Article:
It is not your fault!
There was a bullying case in my children’s school. Although the school showed a very professional approach, it made me think! How would I react when my child would be involved in bullying? That’s when I started to read through the Internet. And I can tell you that the Internet is full of information on bullying to the point of being overwhelming. Knowing that there is no ‘one size fits all’ solution I try to share my internet-research in a nutshell, focusing on the part of being bullied.
How to tell if your child is bullied?
In general, any behavior out of the normal should be looked at to find out why. Be aware if your child is:
- Being more quiet than normal
- Has difficulty sleeping and has frequent nightmares
- Has grades going down
- Is obsessed about social networking and checking text messages.
Try to engage your child in conversations to find out more!
let the child know ‘You are not alone’
How to react if your child is bullied?
It is very hard for parents to deal with the fact that their own child is being hurt. Their own emotions might force them to overreact.
- It is absolutely important to get the emotions down to a level that allows you to listen and communicate well with your child.
- Let the child know it’s not his or her fault. Children feel shame and confusion and ask ‘why me?’
- It is important to let the child know ‘You are not alone’
- Introduce your child to the school counselor and explain the counselor’s duty to confidentiality
- Be aware that children might prefer to use terms like ‘drama’, ‘mean gossip’, ‘pranks’ and ‘arguments’ instead of bullying.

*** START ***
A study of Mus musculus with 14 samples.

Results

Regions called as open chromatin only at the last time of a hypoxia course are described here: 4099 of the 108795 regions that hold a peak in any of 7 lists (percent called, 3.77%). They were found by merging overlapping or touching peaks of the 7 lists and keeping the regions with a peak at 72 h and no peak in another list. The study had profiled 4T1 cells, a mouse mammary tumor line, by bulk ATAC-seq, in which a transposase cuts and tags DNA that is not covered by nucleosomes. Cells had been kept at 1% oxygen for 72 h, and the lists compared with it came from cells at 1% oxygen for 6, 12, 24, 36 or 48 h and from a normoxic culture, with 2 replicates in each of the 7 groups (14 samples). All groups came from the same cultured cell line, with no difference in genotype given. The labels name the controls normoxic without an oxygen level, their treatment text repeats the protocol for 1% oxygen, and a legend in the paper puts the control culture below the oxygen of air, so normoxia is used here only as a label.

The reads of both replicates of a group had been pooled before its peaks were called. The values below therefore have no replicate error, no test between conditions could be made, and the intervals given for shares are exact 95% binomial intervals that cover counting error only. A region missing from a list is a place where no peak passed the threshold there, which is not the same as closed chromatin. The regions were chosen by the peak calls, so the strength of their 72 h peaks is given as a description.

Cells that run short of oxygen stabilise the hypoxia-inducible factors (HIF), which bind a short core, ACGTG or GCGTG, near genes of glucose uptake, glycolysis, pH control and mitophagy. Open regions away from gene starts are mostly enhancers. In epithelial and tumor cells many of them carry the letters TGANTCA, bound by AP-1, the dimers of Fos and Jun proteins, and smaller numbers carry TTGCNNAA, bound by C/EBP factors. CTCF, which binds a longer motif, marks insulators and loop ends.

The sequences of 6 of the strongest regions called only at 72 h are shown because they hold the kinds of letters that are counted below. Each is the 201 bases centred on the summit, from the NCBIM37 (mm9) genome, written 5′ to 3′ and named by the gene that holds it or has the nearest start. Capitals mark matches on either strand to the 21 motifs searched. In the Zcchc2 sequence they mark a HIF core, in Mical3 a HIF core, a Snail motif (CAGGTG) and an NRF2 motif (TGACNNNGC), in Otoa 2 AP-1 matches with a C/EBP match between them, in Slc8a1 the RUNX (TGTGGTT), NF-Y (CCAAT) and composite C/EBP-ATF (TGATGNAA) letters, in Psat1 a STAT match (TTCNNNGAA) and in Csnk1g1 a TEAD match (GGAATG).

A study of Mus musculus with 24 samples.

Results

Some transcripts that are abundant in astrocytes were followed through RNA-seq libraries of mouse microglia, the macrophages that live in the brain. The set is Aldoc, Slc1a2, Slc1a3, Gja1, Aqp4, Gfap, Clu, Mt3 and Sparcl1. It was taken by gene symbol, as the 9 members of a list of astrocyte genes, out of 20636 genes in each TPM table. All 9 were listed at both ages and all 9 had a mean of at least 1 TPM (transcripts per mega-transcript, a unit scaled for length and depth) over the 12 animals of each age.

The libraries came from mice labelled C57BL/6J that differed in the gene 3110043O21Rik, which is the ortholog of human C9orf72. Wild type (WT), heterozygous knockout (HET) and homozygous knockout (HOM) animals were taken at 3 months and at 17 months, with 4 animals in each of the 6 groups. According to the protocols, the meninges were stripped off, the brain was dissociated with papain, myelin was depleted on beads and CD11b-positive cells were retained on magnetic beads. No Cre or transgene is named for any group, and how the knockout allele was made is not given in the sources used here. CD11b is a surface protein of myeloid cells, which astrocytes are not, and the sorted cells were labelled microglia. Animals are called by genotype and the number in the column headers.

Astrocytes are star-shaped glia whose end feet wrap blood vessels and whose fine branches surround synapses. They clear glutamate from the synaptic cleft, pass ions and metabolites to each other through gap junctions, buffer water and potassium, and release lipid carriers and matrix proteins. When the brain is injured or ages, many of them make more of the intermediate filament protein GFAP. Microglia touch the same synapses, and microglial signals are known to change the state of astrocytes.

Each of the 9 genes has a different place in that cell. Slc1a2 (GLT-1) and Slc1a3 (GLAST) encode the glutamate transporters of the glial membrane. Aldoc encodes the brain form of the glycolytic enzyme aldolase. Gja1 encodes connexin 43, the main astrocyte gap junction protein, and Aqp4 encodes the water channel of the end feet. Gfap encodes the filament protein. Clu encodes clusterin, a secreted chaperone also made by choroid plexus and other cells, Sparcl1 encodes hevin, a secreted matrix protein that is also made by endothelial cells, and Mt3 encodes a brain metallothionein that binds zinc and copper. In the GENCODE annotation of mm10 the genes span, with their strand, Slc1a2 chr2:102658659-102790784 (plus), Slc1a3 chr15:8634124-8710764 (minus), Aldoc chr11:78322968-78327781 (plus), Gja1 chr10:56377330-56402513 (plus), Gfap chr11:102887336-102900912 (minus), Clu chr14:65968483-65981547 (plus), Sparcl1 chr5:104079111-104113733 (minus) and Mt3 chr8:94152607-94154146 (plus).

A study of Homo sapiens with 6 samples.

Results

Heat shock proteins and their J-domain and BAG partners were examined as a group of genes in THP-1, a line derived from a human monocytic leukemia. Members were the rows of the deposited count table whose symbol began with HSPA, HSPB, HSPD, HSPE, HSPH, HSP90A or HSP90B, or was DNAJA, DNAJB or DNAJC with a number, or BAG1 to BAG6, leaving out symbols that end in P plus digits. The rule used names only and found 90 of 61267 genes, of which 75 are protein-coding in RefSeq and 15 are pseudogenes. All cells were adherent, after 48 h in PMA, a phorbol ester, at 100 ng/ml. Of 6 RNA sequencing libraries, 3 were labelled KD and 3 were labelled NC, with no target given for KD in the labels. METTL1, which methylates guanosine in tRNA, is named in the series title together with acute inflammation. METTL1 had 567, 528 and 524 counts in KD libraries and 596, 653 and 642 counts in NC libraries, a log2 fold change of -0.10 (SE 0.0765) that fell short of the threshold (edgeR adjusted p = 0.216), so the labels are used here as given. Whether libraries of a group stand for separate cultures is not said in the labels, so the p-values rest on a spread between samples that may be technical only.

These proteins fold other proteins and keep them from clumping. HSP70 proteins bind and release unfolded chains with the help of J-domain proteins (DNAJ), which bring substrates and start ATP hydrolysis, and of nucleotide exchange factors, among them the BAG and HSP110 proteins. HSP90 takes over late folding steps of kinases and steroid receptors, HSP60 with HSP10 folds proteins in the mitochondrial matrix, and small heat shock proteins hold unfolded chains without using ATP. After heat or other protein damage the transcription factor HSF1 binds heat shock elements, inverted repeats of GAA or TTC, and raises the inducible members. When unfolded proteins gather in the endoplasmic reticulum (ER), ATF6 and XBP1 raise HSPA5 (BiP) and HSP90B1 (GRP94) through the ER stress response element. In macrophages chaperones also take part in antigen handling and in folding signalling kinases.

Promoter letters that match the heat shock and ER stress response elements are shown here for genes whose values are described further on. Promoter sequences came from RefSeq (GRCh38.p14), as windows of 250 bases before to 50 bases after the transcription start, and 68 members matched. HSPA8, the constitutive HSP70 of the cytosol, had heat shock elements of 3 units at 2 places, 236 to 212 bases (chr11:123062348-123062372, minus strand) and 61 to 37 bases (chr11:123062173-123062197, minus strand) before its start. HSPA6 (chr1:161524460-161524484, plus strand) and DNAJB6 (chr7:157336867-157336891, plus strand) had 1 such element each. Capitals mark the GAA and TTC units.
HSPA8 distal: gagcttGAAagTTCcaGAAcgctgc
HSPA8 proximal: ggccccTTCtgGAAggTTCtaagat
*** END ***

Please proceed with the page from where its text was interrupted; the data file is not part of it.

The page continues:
- Provide Internet security. Here is a very informative link on how to do that.
Some practical advice for children and adults
- Don’t respond or retaliate!
- Block the bully so that he or she can’t send you messages online.
- Delete messages from bullies without reading them.
- Report to the content provider. The most popular webpages like facebook, google and Youtube make it easy to report cyberbullying.
- If they don’t stop, collect evidence! Save and print the messages.
- Talk to close friends. Bullies try to isolate their victim. It can help to talk the situation over with a friend and have a group of supporters stand behind you.
- Involve police if bullying is extreme.
Children feel shame and confusion and ask ‘why me?’
Most important! Develop an action plan TOGETHER!
Most children don’t tell their parents about being bullied. One of the reasons is that they are afraid their parents’ intervention will make things worse. So if your child comes to you feel lucky he or she trusts you.
- It is important to involve your child instead of taking over yourself.
- Collect more facts by talking with your child about the situation.
- Work out a plan of action together.
I am usually happy if people like my posts, smile and feel that they have learned something new. With this one however, I would be happy if you would share it.
I found these two webpages offering help anonymously as well as contact numbers.